Adata HD710M Pro
External drives are one of the few storage options that still rely heavily on spinning hard drives instead of solid-state memory (known as flash memory).
While traditional users are relying a lot more on cloud storage instead of beefing up their local storage capacity (thereby favoring smaller capacity SSDs, for example), there is a niche audience that wants high capacity at low cost and that – for now – can only be provided by hard disks.
The Adata HD710M Pro (HD710MP-1T) is an external hard drive that claims to be both dust and waterproof as well as shock resistant. It is available in 1TB and 2TB models for around £67 (around $90) and £87 (around $120) respectively at Amazon UK; availability will vary in other territories.
Adata chose a military camouflage design to subliminally suggest that the HD710M is a tough device. Looking closer, you will find that there’s plenty of silicone rubber around – to absorb shocks – with what looks like a hard plastic casing (although part of it is translucent as you can see the blue status LED).
The manufacturer claims that it surpasses IP68 standards although it doesn’t say whether it has been IP68-tested. The drive can survive for up to 60 minutes submerged in 2m of water and can survive falls of up to 1.5m thanks to a ‘triple-layered’ construction.
There’s a short, foot-long, USB cable that wraps around the outer part of the shell and has a Type-A USB 3.0 connector at one end and an old-school flat USB connector on the other. A longer and more flexible USB lead, possibly with a Type-C connector at one end, would have been preferred.
A flap hides the flat USB connector, and this could be dislodged during a fall, which could potentially allow liquids inside.
Usage and performance
The HD710M Pro houses a 7mm-high Western Digital Blue 1TB hard disk drive (WD10SPCX), one which was released five years ago and is likely to feature in the last iteration of Adata’s storage device, the HD710. It sports 16MB cache and a 5400RPM spinning speed with two platters.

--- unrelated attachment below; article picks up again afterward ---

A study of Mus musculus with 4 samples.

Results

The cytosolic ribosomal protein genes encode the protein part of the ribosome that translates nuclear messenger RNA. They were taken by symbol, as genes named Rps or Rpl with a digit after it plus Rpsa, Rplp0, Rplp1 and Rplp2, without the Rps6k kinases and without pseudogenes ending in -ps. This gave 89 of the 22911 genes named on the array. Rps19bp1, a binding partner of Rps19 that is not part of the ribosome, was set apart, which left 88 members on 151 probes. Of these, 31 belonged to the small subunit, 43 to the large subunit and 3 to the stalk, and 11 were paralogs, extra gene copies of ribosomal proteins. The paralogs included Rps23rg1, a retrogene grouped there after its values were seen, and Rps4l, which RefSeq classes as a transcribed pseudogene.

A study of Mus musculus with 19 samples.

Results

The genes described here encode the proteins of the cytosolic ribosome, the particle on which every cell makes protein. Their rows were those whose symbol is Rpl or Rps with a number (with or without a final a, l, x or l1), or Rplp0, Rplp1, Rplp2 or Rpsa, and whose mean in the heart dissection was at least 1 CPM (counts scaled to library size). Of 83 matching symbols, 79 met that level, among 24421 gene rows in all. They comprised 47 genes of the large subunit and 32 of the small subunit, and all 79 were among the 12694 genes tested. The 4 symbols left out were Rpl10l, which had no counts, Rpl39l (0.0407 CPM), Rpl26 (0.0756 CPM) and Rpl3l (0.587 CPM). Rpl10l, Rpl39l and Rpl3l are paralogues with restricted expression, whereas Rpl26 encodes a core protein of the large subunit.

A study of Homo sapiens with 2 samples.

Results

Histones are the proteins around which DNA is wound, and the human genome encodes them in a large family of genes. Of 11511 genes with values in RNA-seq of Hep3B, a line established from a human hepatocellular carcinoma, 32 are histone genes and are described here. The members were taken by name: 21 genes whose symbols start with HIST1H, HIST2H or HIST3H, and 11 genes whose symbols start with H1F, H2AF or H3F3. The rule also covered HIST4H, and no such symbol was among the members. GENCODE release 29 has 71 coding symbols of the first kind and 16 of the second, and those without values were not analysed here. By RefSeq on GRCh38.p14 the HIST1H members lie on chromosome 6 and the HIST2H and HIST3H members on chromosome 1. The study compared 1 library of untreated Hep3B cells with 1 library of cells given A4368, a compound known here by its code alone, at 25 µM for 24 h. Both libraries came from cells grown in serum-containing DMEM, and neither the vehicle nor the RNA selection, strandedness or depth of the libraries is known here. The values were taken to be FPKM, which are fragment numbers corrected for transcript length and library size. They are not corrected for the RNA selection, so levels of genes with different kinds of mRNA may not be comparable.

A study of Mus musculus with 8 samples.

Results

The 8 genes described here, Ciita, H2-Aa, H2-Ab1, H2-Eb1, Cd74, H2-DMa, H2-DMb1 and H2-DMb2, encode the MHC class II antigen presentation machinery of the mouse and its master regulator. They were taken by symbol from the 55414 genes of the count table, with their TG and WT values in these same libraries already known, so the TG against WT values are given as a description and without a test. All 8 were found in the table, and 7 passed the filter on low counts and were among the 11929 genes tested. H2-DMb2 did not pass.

The drive hit 123.8 and 119.5MBps on CrystalDiskMark’s read/write tests – which is about a third of what an average SSD can achieve – and scored up to 131 and 119MBps respectively on the popular ATTO disk benchmark.
The drive didn’t become too warm to the touch during our test and the cable didn’t show any tendency to come loose. At 132 x 20 x 99mm with a weight of 286g, this device strikes a decent balance between being too light (and fragile) and too heavy (and almost indestructible).
Adata has equipped the HD710M with shock sensors that will automatically trigger internal protection mechanisms that will, in theory, safeguard the user’s data. Remember though that spinning hard disk drives are more likely to suffer from damage when subjected to intense vibration or sudden shock when in use.
Adata also bundles two pieces of software (both of which will turn 10 next year), both of which are mildly useful: HDDtoGo allows you to back up from your PC to an external HDD, back up an external HDD to PC, and it also facilitates synchronized backup (updating files to the same version on multiple storage locations), locking your PC, and encryption using 256-bit AES. There’s also OStoGo which converts your Windows setup system into a format that can be used on an external hard drive.
The Silicon Power Armor A85 has been tested to the more stringent MIL-STD 810G standard (which makes it more rugged) and carries a three-year standard warranty. It costs about the same as the HD710M Pro and is available in capacities of up to 5TB, although the aluminum chassis and the proprietary cable might not go down well with some.
The Adata HD710 is the predecessor of the HD710M and is available at a significant discount from the main online retailers. It retains most of the salient features of the HD710M: the design, the IP68 sticker, the anti-shock sensors and the three-year warranty. It’s a better buy in our view given the 33% price difference.
Note that Adata sells a staggering seven SKUs that are tagged durable, 2.5-inch and have a 1TB capacity or greater.
There’s a lot that Adata could improve on with this drive starting with the price and the design, as well as the maximum available capacity.
Seagate produces 5TB hard disk drives that fit in a 2.5-inch chassis and that would be a welcome improvement to tackle the last aforementioned niggle. A combination of 140MBps and higher areal capacity (Seagate uses 1TB platters instead) should also boost performance.
As it stands, it’s hard to recommend the Adata HD710M Pro over the competition, especially as its predecessor proves to be a better value-for-money proposition. As always, make sure you have some sort of cloud backup as a safety net to prevent data loss.